Off-grid but never out of touch

Twoobii helps to bridge the Kunene
Gerine Hoff
The Kunene River delineates the border between Namibia and Angola, winding through the most remote and harsh regions of southern Africa. This area is of immense importance for wildlife, particularly unique and rare desert-adapted species.
To foster collaboration and preservation efforts, both governments have established the Iona-Skeleton Coast Transfrontier Conservation Area (TFCA). TFCA is a modern approach recognizing that ecosystems extend beyond national boundaries.
The TFCA houses conservation projects that involve cross-border ecosystem management and wildlife protection. The EU-funded SCIONA project initially managed these endeavors, running successfully for three years starting in February 2018.
An encouraging development in African ecology is the involvement of local communities in conservation decisions. Instead of solely relying on government departments, management authority is increasingly shared with community stakeholders who coexist with wildlife in these ecosystems.
Despite operating in such remote regions, beyond the reach of conventional broadband, the SCIONA team, led by Namibia University of Science & Technology (NUST), required internet connectivity for wildlife monitoring technology and research. Additionally, a head office in Marienfluss demanded reliable connectivity, which posed challenges due to the rugged terrain and mountainous ranges impeding traditional terrestrial technology.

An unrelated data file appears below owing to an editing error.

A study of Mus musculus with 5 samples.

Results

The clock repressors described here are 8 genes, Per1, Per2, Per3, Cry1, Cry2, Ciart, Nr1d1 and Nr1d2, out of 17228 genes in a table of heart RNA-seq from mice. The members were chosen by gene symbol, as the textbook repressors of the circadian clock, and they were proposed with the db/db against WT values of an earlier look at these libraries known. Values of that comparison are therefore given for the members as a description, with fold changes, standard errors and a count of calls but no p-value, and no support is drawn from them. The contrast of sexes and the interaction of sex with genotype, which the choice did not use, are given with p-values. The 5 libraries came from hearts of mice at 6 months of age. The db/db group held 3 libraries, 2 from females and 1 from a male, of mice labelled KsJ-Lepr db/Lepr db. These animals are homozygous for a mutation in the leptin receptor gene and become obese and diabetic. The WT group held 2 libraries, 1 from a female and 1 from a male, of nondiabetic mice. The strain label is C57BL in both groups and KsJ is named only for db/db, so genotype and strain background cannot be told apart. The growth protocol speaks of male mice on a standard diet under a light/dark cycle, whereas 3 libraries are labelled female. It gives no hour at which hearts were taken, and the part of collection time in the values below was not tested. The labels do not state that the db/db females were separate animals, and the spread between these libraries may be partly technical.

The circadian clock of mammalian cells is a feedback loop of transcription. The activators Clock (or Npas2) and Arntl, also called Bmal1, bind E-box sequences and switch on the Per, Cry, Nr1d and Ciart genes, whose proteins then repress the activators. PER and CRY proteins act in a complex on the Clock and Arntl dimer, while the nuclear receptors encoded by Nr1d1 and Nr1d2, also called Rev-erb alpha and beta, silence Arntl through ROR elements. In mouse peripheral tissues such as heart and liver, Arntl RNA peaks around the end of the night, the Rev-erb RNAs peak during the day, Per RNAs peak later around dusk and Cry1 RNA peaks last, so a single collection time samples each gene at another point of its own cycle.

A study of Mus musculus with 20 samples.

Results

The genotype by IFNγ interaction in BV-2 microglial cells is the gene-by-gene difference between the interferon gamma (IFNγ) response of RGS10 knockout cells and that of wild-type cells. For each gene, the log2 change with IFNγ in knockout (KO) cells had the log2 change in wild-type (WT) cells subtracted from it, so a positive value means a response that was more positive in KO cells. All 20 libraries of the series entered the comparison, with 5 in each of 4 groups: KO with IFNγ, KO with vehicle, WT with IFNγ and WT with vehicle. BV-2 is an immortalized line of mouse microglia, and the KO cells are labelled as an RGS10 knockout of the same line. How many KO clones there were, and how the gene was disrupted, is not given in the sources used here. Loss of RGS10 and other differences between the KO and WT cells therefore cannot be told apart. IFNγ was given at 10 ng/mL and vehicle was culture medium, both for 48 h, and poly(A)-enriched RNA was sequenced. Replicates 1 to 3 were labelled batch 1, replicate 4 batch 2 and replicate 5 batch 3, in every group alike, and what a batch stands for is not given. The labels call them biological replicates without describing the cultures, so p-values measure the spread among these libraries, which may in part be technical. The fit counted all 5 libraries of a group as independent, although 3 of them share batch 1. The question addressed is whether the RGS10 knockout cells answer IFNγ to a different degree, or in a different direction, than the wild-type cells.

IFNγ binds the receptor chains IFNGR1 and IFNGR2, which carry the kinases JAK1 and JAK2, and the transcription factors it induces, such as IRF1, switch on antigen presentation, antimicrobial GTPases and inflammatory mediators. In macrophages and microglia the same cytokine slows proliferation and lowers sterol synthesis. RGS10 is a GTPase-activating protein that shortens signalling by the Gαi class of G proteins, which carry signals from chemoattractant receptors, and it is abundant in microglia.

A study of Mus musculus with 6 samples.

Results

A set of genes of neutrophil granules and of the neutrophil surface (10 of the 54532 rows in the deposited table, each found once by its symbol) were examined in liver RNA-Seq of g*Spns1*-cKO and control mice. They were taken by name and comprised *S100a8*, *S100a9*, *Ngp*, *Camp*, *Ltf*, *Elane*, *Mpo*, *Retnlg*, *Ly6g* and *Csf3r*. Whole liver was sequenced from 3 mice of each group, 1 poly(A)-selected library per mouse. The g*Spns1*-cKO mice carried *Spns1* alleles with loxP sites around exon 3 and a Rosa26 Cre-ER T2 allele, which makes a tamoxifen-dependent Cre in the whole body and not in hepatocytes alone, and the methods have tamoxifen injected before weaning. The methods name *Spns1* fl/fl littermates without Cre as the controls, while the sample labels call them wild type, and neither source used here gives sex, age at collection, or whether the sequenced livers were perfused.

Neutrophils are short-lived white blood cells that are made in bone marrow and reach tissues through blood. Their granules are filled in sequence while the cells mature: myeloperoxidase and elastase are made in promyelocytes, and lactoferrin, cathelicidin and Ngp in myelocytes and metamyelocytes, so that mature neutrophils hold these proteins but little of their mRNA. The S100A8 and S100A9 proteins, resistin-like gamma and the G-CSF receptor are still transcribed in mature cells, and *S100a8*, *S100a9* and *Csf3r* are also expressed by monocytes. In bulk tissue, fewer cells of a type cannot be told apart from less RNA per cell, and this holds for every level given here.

To overcome these obstacles, Q-KON Africa's Twoobii Smart Satellite Services proved ideal. This system offered fast, reliable, multipoint internet connectivity at an affordable price point, catering to remote locations like the TFCA. Moreover, the inclusion of a solar power energy source ensured an off-grid solution, independent of utility connections.
The Digital Hub installed with the Twoobii system became an essential asset for the community, empowering livestock farmers and residents. It facilitated vital satellite broadband connectivity, enabling them to share information on animal movements that could affect their livestock and strengthening community bonds.
The Marienfluss community greatly benefited from the Twoobii satellite broadband connectivity. They could document human-wildlife conflicts, alert neighboring communities about dangerous animal movements, and stay in touch with distant relatives and children attending schools in town, sparing them arduous journeys to urban centers.
The success of this project exemplifies the effectiveness and adaptability of Twoobii Smart Satellite Services in supporting conservation initiatives and enriching lives within remote communities.